Aircraft with high-definition cameras are helping Twin Cities officers catch racers without getting into dangerous pursuits


Lt. Craig Benz shows off the State Patrol helicopter, a $12 million Bell 407 used to assist law enforcement on the ground during special enforcements, on Tuesday, May 9, 2023, in St. Paul, Minnesota.

Richard Tsong-Taatarii/Minneapolis Star Tribune/TNS

By Kyeland Jackson
Star Tribune

ST. PAUL, Minn. — Both from the air and on the ground, law enforcement officials say they’ve ramped up tactics to curb street racing and other dangerous stunt driving in the Twin Cities metro and across the state — trends that have emerged in recent summers with deadly consequences.

Joined by members of multiple agencies, State Patrol Col. Matt Langer said people who promote or even watch street races will be held accountable, and likely for more than just a ticket.

“Whether it is a promoter, a participant, or an attendee, all are complicit in this illegal activity and will be held accountable,” he said. “And that accountability is not just maybe going to be a citation. You could find yourself going to jail for second-degree riot.”

Street racing became a more prevalent issue in Minnesota as the pandemic began. Charging documents against a group of racing organizers outlined “intersection takeovers” that attracted hundreds of people, blocking traffic as vehicles performed donuts and spinouts just steps away from spectators.

The crimes have endangered bystanders and cost the city thousands of dollars in road repairs, according to those documents. Some spectators have been struck by cars.

Tayler Nicole Garza and Dalton Lee Ford, both 22, were killed in Burnsville after a driver racing his sister crashed into their SUV. At least two people, 19-year-old Vanessa Jensen and 17-year-old Nicholas Enger, were shot and killed by stray bullets while attending the events. Three teens were struck and injured by the driver of a tire-squealing car doing burnouts in downtown Minneapolis.

Langer was joined Tuesday by representatives of the Minneapolis and St. Paul police departments, Fridley Police Department, Ramsey County Sheriff’s Office and the Bureau of Criminal Apprehension. He said law enforcement must work together in order to keep the streets safe, work that is challenging because of how street racing has evolved.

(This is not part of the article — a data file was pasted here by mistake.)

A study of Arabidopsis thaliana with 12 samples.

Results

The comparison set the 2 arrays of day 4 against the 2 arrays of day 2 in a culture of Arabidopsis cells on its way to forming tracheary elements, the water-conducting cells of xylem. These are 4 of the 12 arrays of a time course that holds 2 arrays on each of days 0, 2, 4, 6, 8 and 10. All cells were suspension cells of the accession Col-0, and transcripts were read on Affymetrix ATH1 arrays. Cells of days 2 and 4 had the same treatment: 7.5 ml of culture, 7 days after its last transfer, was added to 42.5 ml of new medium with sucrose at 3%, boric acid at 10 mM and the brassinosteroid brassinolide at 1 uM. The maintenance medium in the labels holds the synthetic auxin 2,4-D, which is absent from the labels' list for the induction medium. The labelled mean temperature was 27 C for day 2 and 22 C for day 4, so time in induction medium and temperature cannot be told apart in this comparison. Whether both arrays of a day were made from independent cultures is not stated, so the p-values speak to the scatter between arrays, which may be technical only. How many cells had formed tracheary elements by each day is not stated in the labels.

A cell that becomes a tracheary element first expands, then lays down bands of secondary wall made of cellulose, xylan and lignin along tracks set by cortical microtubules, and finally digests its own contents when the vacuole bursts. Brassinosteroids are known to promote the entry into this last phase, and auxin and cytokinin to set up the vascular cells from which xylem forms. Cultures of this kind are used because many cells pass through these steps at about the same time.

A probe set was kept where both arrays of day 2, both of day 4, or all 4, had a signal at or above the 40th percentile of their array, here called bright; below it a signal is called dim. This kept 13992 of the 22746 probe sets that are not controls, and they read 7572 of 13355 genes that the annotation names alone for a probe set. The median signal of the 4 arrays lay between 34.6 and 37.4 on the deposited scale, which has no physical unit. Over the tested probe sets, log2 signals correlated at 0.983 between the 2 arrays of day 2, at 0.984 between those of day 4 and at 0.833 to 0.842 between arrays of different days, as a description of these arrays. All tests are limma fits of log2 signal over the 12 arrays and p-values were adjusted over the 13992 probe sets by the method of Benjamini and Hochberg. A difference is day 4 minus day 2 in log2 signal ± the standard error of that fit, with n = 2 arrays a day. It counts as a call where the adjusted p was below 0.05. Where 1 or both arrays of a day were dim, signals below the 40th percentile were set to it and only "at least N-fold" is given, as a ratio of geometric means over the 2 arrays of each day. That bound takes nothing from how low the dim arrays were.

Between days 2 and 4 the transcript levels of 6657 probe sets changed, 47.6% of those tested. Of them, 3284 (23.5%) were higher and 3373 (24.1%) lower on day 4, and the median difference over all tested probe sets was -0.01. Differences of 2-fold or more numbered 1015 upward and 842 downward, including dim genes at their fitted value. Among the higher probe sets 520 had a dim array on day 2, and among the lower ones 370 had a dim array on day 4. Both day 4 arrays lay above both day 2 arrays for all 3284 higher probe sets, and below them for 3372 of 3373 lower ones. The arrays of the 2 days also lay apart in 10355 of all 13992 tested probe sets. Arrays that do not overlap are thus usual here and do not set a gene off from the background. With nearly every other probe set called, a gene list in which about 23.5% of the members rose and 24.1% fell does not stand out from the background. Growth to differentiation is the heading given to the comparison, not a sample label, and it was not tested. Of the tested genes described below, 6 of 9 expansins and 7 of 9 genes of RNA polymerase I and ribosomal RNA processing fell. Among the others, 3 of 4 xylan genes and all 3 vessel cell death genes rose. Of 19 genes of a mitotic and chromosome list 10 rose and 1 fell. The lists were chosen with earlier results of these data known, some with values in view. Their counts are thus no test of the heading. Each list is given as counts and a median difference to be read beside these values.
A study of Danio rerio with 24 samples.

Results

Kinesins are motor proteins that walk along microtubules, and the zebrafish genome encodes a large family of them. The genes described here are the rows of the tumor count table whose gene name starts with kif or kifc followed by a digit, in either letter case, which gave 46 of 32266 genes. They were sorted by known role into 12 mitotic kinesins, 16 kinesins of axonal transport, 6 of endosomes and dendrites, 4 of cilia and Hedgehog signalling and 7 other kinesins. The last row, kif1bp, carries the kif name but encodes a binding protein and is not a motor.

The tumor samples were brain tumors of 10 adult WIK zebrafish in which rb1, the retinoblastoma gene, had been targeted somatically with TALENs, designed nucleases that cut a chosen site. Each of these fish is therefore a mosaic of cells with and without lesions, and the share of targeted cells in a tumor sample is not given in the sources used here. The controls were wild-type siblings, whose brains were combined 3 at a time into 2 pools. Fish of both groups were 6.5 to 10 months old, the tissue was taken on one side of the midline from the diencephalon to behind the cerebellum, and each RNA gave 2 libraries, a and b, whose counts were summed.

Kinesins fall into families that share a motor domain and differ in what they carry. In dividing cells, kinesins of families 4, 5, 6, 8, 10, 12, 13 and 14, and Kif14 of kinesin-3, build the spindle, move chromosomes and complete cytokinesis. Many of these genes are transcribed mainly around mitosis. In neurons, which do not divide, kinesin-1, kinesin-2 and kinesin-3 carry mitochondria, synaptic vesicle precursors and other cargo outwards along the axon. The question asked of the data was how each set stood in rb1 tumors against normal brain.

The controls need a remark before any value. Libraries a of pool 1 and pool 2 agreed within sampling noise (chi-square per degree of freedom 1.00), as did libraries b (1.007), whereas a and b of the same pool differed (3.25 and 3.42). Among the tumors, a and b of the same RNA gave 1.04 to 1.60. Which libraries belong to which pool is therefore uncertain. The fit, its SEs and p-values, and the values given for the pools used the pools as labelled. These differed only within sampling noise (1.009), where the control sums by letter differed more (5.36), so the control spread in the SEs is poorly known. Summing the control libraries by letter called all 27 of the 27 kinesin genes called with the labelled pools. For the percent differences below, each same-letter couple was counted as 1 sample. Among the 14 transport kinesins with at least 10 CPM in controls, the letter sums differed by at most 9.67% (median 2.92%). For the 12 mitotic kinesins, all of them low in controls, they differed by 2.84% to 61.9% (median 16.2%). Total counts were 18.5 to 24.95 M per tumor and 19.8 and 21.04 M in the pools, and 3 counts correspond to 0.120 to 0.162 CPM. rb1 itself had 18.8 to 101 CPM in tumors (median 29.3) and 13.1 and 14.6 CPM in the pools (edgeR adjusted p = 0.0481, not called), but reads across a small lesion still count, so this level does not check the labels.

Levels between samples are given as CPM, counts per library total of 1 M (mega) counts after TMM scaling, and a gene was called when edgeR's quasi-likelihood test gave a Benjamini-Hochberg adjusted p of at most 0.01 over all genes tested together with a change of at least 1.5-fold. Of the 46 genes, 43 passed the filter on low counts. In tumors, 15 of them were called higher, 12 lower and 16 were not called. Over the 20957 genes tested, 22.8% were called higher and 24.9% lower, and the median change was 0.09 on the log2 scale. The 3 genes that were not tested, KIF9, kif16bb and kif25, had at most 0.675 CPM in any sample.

“The type of driving conduct that’s related to some of the street racing ... is not something we’ve seen before. And so the law is catching up,” Langer said. “It’s not as simple as two vehicles pull up to a stop sign, challenge each other, and just race for a quarter-mile. We’re seeing organized groups come together with the intention of causing problems and causing mayhem.”

Patrol helicopters now play a key role by helping law enforcement catch street racers without launching a dangerous chase. Some aircraft are equipped with high-definition cameras, able to record infrared videos at night while pinpointing a driver’s location. It can take pilots up to 15 minutes to take to the air once they’ve been requested, but Langer said in many cases they are already airborne because officers are flying more often.

According to data provided by the State Patrol, street racing between April and December of last year led to nearly 2,000 stops and 167 arrests.

Some of those stops followed a chaotic July 4th weekend last year when motorists in Minneapolis shot fireworks at pedestrians and other vehicles.

More targeted enforcement has come from the State Patrol’s HEAT program, which was slated to end last August but extended through 2022. HEAT data says between February and December last year, the program made more than 21,000 speeding contacts and more than 300 arrests.

Minneapolis Deputy Chief of Patrol Erick Fors said the issue affects cities across the state — and requires collaboration across county lines.

“These events created dangerous environments that result in additional violent criminal activity,” Fors said. “This is an issue that affects many different cities and jurisdictions, and one that requires a coordinated partnership and approach.”